Dressing up as cowboys and Indians is big in Germany
Native Americans aren’t amused
RADEBEUL, Germany — Dressed in buckskins and a flowing, eagle-feather headdress, a ruddy man holds up a fake war club as he gazes proudly at the rolling green hills in front of him.
This isn’t America or even a film set, but the site in Saxony of an annual festival celebrating the Western novels of Karl May, this country’s most beloved author.
Inspired by his pulp novels and the movies they spawned, many Germans are fascinated by the Wild West and a romanticized stereotype of “the Indians.” But with tens of thousands of German hobbyists donning feathers and camping in teepees on the weekends, real Native Americans have begun to wonder whether some Germans love them just a little too much.
“It gives him power,” says Norman Jimerson — an actual member of the Onadaga Nation also in town for the festival — observing the man with the war club.
Stocky and charismatic, Jimerson wears a bead-and-mirror medallion over a western shirt. “You can tell how he feels by looking at him,” he adds.
Like Civil War re-enactors, some are so obsessed with authenticity that they know more about the cultures they admire than the Natives themselves. They perform Native songs, dances and even religious rituals with scrupulous accuracy — refusing to see that their imitation may not always be welcome.
Red Haircrow, an Apache poet and entrepreneur who lives in Berlin, says many hobbyists have gone far beyond a love for Winnetou, the Apache chief of May's novel and a classic example of the ethnocentric idea of the “noble savage.”
“It's as if they believe their knowledge gives them some kind of authority over you or your culture,” he says.
Born in Radebeul, May produced much of his work here. A prolific author, he wrote dozens of stories and novels between 1874 and 1912, selling as many as 200 million copies of his various works.
Like the Africa of Edgar Rice Burroughs, the American creator of Tarzan, May's Wild West bears little relation to reality.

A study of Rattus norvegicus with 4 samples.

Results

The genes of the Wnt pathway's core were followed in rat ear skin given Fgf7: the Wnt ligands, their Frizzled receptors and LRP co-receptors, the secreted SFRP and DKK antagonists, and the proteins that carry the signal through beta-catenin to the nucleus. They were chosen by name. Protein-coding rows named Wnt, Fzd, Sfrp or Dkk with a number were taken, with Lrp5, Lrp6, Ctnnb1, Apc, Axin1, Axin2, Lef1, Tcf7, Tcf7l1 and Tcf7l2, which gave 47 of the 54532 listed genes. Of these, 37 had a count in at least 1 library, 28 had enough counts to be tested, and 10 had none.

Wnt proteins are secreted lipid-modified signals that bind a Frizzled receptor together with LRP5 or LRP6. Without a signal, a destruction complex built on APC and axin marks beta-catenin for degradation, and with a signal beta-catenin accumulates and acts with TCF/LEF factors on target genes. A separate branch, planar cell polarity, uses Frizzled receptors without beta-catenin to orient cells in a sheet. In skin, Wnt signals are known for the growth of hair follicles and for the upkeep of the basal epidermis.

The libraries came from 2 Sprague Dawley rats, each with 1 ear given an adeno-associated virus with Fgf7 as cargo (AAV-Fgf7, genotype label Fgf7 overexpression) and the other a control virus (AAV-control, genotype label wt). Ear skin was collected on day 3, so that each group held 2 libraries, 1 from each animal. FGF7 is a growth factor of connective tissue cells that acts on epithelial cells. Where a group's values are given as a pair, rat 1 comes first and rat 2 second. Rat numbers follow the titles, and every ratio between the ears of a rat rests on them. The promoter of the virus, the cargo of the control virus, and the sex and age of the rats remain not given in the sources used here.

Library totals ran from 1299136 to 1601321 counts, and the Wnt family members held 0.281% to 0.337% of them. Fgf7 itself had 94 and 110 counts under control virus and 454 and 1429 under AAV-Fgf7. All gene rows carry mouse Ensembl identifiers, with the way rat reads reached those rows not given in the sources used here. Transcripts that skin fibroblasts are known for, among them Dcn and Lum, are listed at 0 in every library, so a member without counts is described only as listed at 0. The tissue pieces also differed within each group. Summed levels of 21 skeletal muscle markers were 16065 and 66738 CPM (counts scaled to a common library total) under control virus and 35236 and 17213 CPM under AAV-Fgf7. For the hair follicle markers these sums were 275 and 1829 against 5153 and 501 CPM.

But it speaks volumes about the preoccupations of his late 19th-century readers, who fantasized about a return to nature amid the alienation of industrialization.
The sense of fantasy endures—and not only about nature.
At weekend camps held in remote locations and closed to the public, sexual liaisons are common, and there's an attitude of “what happens at the Indian camp stays in the Indian camp,” says a longtime observer.
In Radebeul, however, most of the visitors aren’t hobbyists, but parents with small children.
Near the town's modern train station, families troop across the tracks to board an old-style train pulled by a steam locomotive that travels a mile to the festival grounds. Boys with cap guns snap shots out of windows. Some children wear headbands and feathers and a few of the adults wear cowboy hats and spurs.
At the fair, the organizers have purposefully separated a cultural performance by visiting members of the Oneida Nation from the ersatz town of “Little Tombstone” and booths where kids don war paint and try their hands at archery.
Even though Oneida performers like Dale Rood of the Turtle Clan say any “insult” is tempered by good intentions and that the interaction enables them to teach Germans about how they live in today's world, it's still a little uncomfortable when real-life Native Americans come face to face with white guys in war paint.
Canadian Leela Gilday, a singer of the Dene Nation who says she took the gig on short notice not knowing quite what she was getting into, says she was stunned the first time she saw one of the hobbyists, and still isn’t sure how to feel about it.
“It's a strange situation,” she says. “But I don't feel the same way I do when I see people dressed up [as Natives] for Halloween. Here I feel like it's more of a tribute.”
This article originally appeared on GlobalPost.